Growth in organic is just beginning
The organic food industry has a special talent for punching above its weight. For a sector that accounts for between just 1 and 2 per cent of the UK food market it commands implausibly high levels of media coverage. And organic has elbowed its way up the food and farming agenda in a fashion that must genuinely confound its critics.
But despite the fact that organic sales are growing again in the UK – nudging £2 billion in 2016 – market share remains stuck at levels seen nearly a decade ago. Why? The answer lies partly with organic’s unusual origins.
The organic movement has always been, in part, a protest movement. While its early pioneers talked about returning to older farming traditions and working with the grain of nature, they saw organic as part of a progressive world-view sprung from 1960s counterculture.
Almost by definition the organic movement is against things; certain things at any rate, whether it’s industrial pesticides or intensive livestock production, or genetic modification – all unluckily the products of some of the most powerful corporate interests on the planet.
Human beings are guided by an almost primal instinct when they make choices about the food they put in their mouths
These characteristics have often set the organic movement at odds with the mainstream food industry, policy-makers and parts of academia. They don’t quite explain why the debate about organic food is so often reduced to the stark binary choice of for or against. But they probably do account for the familiar typecasting of “beards and sandals brigade”, “anti-science” and so on.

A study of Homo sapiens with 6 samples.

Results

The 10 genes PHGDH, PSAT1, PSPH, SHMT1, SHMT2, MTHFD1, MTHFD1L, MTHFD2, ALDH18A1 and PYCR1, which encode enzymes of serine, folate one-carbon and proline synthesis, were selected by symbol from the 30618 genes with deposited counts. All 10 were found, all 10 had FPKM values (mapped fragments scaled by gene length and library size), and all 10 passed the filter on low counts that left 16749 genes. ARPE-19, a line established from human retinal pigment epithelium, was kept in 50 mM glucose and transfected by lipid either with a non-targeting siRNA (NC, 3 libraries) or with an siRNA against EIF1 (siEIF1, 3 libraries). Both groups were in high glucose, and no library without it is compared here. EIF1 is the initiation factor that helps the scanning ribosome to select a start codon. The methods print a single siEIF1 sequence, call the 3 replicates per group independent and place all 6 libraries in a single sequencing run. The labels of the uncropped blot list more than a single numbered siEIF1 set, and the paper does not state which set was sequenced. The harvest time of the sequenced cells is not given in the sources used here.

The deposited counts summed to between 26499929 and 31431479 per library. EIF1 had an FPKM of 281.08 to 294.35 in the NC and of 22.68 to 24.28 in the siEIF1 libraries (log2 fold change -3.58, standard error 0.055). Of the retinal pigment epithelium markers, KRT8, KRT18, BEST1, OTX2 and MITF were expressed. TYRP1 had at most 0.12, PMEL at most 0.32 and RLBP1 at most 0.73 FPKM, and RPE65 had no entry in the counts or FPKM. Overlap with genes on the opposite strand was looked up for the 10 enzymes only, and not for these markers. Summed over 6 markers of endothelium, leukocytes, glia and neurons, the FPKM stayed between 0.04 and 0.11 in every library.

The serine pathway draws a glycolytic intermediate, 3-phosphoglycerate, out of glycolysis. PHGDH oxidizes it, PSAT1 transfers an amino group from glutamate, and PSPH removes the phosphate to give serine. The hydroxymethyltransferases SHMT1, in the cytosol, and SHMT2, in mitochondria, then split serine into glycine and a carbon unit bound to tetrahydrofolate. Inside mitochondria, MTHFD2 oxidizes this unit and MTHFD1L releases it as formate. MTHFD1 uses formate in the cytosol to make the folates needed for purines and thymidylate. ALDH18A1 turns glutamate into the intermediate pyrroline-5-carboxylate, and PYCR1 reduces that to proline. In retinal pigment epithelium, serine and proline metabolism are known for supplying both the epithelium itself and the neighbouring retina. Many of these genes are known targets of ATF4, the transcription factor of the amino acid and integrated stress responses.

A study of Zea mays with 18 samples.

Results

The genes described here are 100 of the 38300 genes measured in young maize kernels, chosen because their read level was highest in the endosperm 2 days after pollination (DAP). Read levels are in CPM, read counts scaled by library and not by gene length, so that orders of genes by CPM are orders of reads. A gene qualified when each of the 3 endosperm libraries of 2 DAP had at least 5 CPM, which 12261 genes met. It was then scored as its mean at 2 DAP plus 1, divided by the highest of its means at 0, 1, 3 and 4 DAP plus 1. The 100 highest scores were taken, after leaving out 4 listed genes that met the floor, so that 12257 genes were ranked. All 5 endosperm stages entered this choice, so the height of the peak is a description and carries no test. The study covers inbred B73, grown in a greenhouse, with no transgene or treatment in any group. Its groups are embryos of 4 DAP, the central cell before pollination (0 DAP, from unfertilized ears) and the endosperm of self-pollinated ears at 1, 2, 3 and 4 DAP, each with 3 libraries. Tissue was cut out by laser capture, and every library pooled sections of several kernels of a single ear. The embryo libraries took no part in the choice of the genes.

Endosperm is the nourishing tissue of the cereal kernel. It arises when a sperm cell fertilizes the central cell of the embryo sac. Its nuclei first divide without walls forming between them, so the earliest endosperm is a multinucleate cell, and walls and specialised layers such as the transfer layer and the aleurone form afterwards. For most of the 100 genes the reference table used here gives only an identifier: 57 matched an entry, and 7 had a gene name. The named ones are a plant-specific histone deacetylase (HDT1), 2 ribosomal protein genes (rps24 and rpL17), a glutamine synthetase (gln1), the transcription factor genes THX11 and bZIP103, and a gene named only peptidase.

The latter label is inaccurate. The organic sector has collaborated with the agricultural research community for years on things such as yield improvement, resulting in narrowing yield differences between organic and conventional, and soil fertility, and has been open to the potential of advanced breeding techniques such as marker-assisted selection.
There is also now a growing body of research showing marked nutritional differences between organic and non-organic food; for example, certain vegetables contain higher levels of vitamins and minerals when they are grown organically, and organic milk contains more healthy omega-3 fatty acids.
But don’t underestimate the emotional appeal of organic. Human beings are guided by an almost primal instinct when they make choices about the food they put in their mouths. Many people come to organic because they intuitively think it is better for them. And the organic movement has given them permission to trust their instincts about something as fundamental as food.
The organic farmer and director of the Sustainable Food Trust, Patrick Holden, says he would like to see such thinking brought more into the public discussion on food. “It’s become very fashionable in this scientific-reductionist era we’re living in to compartmentalise the cultural, emotional and spiritual parts of our lives to after-hours,” he says.
The organic movement’s “alternativeness” has been both a weakness and strength. In the past its oppositional instinct has alienated potentially valuable partners, while its sometimes aestheticised vision of agriculture has been easy to dismiss as nostalgic.
But circumstances are changing rapidly. Growing numbers of people are rejecting the dominant industrial food model. At the same time there is surging consumer demand for healthy, sustainably grown food supported by measurable ethical standards – organic ticks all three boxes.
Perhaps most decisively recent studies show that that low-input farming systems, such as organic, not only help mitigate the negative climate change impacts of agriculture, but actually increase yields and food security in the poorest and most populous parts of the world.
Organic’s opportunity to reach its true potential may just be arriving – beards and sandals optional.